Sunday, Aug. 29, 2004 | link

Today was a good day. We're in Yellowstone! And we took a break from the driving for the whole day! And I got up late and Jill brought me a latte while I was showering! And the water was hot and pressured me in all the right ways!

Sufficiently fortified, I got dressed (there was still sand in my shoes from Sand Mountain!) and made us sandwiches out of hippie peanut butter (a gray, defeated color) and white trash jam (with a name like Smuckers, it better be good). Then we set off with our pack lunches on a degorgeous hike to Cascade Lake (we saw bison!).



Yellowstone Tip from a Reader Named Bryan

Please let me advise you to not stop in the town of West Yellowstone. Unless, of course, you need five million Yellowstone t-shirts, or a few billion snow globes. The motels are way over-priced, so stay in Twin Falls if you can. West Yellowstone is a gaudy tourist trap that will make you sad.

After gazing at the lake just long enough not to appear rude, we pushed upward and onward to Observation Point. But after two miles of climbing, we turned back about a mile from the top re: my sore ass and Jill's allergies, which put a brick-like weight on her lungs. And good thing we pussied out when we did because we got back to the lake just in time to catch a glimpse of a black bear trotting its way across the hill -- so bearably exciting! It was far, far away from us, but considering bears can run up to 30 miles per hour, and when one attacks, the only thing you can do, according to "Essential Yellowstone," is "try to lie on the ground completely flat on your stomach, spread your legs [?] and clasp your hands over the back of your neck," that bear wasn't really all that far away after all. In fact, a glimpse is all you really want to see of a bear.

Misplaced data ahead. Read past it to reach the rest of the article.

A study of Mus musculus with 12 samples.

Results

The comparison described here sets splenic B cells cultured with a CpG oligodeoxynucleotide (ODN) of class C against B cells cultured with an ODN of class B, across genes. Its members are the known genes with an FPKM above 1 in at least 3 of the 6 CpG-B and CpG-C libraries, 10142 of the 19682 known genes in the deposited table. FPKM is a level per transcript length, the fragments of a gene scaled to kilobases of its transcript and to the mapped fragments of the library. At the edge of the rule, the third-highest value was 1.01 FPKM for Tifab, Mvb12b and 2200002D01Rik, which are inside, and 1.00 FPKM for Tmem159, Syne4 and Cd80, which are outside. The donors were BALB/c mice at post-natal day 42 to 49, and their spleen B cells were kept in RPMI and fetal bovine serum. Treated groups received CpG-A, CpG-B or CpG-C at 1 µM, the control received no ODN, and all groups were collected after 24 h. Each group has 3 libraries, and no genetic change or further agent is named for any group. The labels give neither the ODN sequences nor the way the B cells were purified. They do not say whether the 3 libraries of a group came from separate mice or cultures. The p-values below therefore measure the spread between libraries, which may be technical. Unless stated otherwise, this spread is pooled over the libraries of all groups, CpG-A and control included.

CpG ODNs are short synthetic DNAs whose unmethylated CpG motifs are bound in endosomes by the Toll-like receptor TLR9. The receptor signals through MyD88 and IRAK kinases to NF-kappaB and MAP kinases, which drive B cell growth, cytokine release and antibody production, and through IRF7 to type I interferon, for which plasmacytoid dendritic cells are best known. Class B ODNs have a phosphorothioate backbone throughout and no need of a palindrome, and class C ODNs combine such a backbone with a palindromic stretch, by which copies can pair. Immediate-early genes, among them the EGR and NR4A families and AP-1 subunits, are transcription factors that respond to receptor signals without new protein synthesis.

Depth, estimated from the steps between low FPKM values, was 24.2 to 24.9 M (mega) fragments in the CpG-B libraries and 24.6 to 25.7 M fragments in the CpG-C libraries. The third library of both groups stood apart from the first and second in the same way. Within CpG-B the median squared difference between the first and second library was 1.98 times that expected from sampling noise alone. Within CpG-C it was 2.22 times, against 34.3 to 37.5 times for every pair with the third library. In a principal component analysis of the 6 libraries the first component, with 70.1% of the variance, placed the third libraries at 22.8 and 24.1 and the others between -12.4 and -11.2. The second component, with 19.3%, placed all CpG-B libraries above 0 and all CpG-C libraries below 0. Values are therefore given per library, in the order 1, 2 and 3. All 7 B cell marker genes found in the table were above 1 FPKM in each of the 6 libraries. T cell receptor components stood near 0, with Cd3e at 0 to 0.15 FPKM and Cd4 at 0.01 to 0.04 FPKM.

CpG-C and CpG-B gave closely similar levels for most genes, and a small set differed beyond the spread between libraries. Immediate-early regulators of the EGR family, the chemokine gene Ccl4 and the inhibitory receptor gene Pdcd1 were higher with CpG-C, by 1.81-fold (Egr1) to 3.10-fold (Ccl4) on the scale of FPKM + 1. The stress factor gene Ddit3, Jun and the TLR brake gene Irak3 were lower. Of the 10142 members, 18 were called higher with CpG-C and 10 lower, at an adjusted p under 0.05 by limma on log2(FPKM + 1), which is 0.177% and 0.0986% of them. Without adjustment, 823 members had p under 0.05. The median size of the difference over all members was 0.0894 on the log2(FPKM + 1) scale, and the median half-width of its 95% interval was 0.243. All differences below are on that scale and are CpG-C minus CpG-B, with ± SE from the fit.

There are signs all over the park that say, "Wildlife is dangerous and unpredictible. DO NO APPROACH." But of course, everywhere we go, we see people mere feet from a-gore-able bison, just ... waving and snapping pictures. And cars, everywhere, stopped dead in the middle of the road, in the middle of the night, to admire the ... moon? It's amazing we're not all dead. Then again, the first time we saw elk, we screeched halfway off the road and frantically took pictures, too. But ... one of those elk was a BABY elk!

Anyway in conclusion, seeing a bear is a very rare and thrilling thing, and it warmed my cockles to their marrow.

Pussing out aside, the hike was about nine miles long all told, and afterward we drove and walked around some waterfalls and bubbling and belching geothermal phenoms, and tonight I am plenty tired. I am rocking the tired straits, and it's only 9pm. It turns out I am old.

One of Yellowstone's blurbling geothermal features.

Jill in a swirling mist of meningitis.

The sulfur-decorated ceiling of the bathroom adjacent to the geothermal blurble.

Weird shot of hikey me and hikey Jill in front of some waterfalls, taken by a kind yet elderly ranger.

The falls themselves!

Oh but wait. The neighbors just moved in and they have an angry, angry baby on board. Sad, sad baby. Sad, sad Jill and Evany. Oh earplugs, is it too early to renew our vows? Earplugs!

(PS: My diary has officially moved over to my official evany.com website. Let's meet up over there!)

(PS: My diary has officially moved over to my official evany.com website. Let's meet up over there!)